Sword of Ages #1
Created, Written and Illustrated by: Gabriel Rodriguez
Published by: IDW
As the illustrator of Locke and Key, Gabriel Rodriguez has a solid pedigree in the visual side of story-telling. Locke and Key is the top selling IDW series from a few years ago. Over the last few years, Gabriel has been teasing us over social media about a story he’s been writing and developing. That story has finally come to fruition with Sword of Ages #1.
From Rodriguez: “[Sword of Ages] takes the form of a re-telling of the Excalibur myth as a space fantasy epic about the origin of the sacred sword and the first one chosen to wield it.” He’s previously explained it as a cross between the Arthurian story and the unmade version of Jodorowsky’s Dune which “both get at the core regarding the same issues: men driven by their passions, ideals and ambitions…” As a result its a deep and interesting pallet to paint from. Even more interesting is that the main character is a women, dropped from the stars, and raised by tigers. She’s accompanied by a motorcycle riding old man named Merlin.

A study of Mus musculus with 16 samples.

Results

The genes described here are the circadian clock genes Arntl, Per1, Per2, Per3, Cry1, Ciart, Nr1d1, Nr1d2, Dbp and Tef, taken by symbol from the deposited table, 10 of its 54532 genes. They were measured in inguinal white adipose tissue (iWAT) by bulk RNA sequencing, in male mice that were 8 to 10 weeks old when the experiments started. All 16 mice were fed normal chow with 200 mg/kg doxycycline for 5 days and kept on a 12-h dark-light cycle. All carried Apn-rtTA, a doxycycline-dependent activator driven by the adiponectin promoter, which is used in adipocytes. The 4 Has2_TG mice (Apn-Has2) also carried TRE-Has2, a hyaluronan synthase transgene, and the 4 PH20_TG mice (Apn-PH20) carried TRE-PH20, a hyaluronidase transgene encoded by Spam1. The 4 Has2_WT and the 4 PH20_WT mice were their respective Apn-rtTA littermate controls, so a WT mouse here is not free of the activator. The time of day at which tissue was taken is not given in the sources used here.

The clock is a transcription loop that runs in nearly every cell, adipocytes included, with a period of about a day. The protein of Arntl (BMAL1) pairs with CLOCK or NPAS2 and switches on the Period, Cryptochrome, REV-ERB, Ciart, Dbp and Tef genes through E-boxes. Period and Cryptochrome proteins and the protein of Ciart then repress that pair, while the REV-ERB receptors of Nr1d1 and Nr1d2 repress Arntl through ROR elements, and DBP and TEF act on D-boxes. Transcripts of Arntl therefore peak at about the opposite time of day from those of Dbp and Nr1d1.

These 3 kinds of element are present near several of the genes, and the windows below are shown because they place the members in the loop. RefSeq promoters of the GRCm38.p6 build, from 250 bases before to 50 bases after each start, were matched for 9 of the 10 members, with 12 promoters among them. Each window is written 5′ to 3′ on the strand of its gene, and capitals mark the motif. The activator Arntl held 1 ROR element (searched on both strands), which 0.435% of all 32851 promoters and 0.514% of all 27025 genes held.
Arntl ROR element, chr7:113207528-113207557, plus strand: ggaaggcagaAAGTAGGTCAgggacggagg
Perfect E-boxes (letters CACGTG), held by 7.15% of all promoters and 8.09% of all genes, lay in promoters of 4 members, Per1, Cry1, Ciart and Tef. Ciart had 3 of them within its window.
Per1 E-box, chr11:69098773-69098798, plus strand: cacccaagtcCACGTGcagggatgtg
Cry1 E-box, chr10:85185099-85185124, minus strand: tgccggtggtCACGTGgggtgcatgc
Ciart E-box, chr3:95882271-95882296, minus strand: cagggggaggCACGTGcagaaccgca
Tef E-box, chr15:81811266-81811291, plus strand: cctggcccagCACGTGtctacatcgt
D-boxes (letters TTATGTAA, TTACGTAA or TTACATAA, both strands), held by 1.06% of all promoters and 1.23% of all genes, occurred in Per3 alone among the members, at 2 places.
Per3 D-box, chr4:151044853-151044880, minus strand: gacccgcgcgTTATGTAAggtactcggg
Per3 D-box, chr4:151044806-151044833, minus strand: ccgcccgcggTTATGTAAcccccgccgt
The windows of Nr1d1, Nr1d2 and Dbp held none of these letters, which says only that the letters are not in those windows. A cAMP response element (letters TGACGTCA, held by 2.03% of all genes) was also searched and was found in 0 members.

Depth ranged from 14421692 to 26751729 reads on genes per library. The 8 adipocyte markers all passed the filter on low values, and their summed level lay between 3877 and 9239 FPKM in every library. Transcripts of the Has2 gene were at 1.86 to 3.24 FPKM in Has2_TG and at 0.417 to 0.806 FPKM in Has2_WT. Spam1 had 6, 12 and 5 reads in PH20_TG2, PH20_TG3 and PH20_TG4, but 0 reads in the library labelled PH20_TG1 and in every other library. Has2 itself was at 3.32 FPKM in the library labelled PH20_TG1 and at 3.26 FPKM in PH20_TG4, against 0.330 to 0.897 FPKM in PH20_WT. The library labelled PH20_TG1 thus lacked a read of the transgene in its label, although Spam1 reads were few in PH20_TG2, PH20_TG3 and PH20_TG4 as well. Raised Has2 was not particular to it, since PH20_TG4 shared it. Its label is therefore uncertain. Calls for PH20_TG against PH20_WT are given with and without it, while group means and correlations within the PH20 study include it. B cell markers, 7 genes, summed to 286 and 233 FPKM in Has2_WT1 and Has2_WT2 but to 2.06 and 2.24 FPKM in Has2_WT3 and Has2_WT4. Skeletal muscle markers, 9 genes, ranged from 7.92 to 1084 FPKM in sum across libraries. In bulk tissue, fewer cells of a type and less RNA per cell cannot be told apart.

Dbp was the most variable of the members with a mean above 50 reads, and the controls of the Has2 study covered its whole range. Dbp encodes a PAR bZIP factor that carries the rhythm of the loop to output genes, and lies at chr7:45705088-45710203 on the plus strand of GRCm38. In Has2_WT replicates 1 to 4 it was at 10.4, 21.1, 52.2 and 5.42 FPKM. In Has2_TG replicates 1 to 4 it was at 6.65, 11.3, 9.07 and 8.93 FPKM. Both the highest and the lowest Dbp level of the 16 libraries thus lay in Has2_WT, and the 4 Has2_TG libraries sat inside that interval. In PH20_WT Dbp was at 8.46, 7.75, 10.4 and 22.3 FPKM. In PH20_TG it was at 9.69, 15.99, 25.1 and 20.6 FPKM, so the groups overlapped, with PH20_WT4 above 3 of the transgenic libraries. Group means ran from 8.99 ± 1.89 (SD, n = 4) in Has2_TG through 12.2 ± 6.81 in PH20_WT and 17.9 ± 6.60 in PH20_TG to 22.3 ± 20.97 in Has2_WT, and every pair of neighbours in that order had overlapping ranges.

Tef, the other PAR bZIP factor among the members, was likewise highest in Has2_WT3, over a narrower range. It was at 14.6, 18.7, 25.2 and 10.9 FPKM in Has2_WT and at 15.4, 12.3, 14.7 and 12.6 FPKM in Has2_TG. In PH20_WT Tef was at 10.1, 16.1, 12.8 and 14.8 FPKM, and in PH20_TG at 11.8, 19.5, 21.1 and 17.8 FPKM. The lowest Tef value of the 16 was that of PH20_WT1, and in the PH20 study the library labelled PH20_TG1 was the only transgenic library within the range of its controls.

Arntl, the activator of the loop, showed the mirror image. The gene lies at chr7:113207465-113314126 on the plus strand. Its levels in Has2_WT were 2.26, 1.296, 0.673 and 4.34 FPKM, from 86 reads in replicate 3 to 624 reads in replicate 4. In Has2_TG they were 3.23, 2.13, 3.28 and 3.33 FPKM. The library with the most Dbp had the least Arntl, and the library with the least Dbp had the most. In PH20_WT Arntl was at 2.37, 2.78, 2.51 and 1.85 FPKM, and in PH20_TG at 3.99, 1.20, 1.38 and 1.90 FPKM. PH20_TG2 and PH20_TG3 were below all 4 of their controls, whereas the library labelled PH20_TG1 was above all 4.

As with most “epic” storytelling, this book gets deep quick. There’s a ton of content required to get the backstory rolling for this book. Very much a Tolkien-esque re-telling of a classic fairy tale. The book bounces around from an explosion in space, to talking animals to a journey reminiscent or Easy Rider or Mad Max. It really has it all. And it’s the first step in what feels like a truly interesting journey. Additionally, the lead character Avalon reminds me of the young lady in the game Horizon Zero Dawn. It’s a compliment that Gabriel managed to create that kind of depth in only one book.
A lot of you will know what to expect from the art – Locke and Key has been read by a lot of people. If you haven’t read it yet – pick it up! It’s available from IDW in a hard cover book that really reflects how you will pick it up again and again. As far as Sword of Ages, if it wasn’t a comic book now, it might have been an 8-bit video game in the 80s. As a result, it certainly would not have been an Atari E.T. game (look it up).